This article describes the development, field testing, and evaluation of an interactive computer program, « Life Challenge, » developed by the New York State Department of Health as a tool for enhancing adolescents'sense of self-efficacy in HIV/AIDS prevention programs.
The computer kiosks were field tested in 13 sites serving high-risk adolescents.
The program uses a time travel adventure game format to provide information and nonthreatening skill practice.
Users record and play back their responses as they « negotiate » with their chosen partners.
A proof of concept evaluation with analysis of 211 audio responses found that users took negotiating tasks seriously ; statistically significant learning gains were achieved on knowledge items and in self-efficacy scores (greatest improvement for those with low baseline self-efficacy levels).
Challenges and problems encountered in implementing the project are described, and the potential of using computers for skill practice and educational interventions in health education is explored.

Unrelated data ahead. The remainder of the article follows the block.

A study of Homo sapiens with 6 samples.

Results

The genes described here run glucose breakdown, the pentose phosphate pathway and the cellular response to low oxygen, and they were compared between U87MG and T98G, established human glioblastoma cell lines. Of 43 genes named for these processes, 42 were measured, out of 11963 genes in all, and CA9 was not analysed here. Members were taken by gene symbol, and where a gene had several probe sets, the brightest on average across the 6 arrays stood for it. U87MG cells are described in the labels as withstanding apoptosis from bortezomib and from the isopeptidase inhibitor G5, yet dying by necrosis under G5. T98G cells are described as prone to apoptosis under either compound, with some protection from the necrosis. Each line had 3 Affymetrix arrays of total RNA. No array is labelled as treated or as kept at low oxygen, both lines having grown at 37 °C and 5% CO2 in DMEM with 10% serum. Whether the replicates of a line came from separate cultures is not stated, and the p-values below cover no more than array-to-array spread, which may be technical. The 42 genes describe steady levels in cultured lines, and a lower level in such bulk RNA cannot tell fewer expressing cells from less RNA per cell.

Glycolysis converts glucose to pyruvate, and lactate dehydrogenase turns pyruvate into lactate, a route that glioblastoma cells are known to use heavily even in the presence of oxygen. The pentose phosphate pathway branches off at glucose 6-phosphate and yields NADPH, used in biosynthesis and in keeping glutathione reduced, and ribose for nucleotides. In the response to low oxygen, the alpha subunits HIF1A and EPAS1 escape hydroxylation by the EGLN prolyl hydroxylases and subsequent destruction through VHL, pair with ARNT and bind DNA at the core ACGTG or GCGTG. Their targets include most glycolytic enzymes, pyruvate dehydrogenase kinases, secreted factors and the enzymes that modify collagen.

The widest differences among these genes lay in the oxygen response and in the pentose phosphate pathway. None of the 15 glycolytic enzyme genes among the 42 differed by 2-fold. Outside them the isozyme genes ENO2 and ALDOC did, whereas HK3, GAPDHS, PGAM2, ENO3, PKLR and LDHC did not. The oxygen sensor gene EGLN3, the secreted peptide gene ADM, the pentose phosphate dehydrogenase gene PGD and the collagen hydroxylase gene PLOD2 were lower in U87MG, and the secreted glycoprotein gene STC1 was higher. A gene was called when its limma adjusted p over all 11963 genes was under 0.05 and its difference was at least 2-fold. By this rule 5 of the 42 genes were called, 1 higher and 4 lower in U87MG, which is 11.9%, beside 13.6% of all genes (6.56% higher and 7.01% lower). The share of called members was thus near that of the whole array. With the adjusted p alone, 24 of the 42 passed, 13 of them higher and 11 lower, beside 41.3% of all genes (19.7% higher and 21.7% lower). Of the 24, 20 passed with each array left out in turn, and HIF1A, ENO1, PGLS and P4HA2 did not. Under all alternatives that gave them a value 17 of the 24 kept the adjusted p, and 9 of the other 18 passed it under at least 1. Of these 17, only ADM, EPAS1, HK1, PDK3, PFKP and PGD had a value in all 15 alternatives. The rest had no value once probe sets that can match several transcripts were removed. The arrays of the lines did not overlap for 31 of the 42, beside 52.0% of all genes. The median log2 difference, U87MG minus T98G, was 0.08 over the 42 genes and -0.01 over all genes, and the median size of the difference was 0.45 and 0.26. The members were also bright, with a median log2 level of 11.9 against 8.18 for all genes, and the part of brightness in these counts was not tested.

Mots-clés Pascal : Communication, Partenaire sexuel, Prévention, Condom, Education santé, SIDA, Virose, Infection, Assistance ordinateur, Informatique, Adolescent, Homme, Jeu, Système conversationnel, Efficacité personnelle, Immunopathologie, Immunodéficit
Mots-clés Pascal anglais : Communication, Sex partner, Prevention, Condom, Health education, AIDS, Viral disease, Infection, Computer aid, Computer science, Adolescent, Human, Play, Interactive system, Self efficacy, Immunopathology, Immune deficiency
Notice produite par :
Inist-CNRS - Institut de l'Information Scientifique et Technique
Cote : 97-0273642
Code Inist : 002B30A01C. Création : 15/07/1997.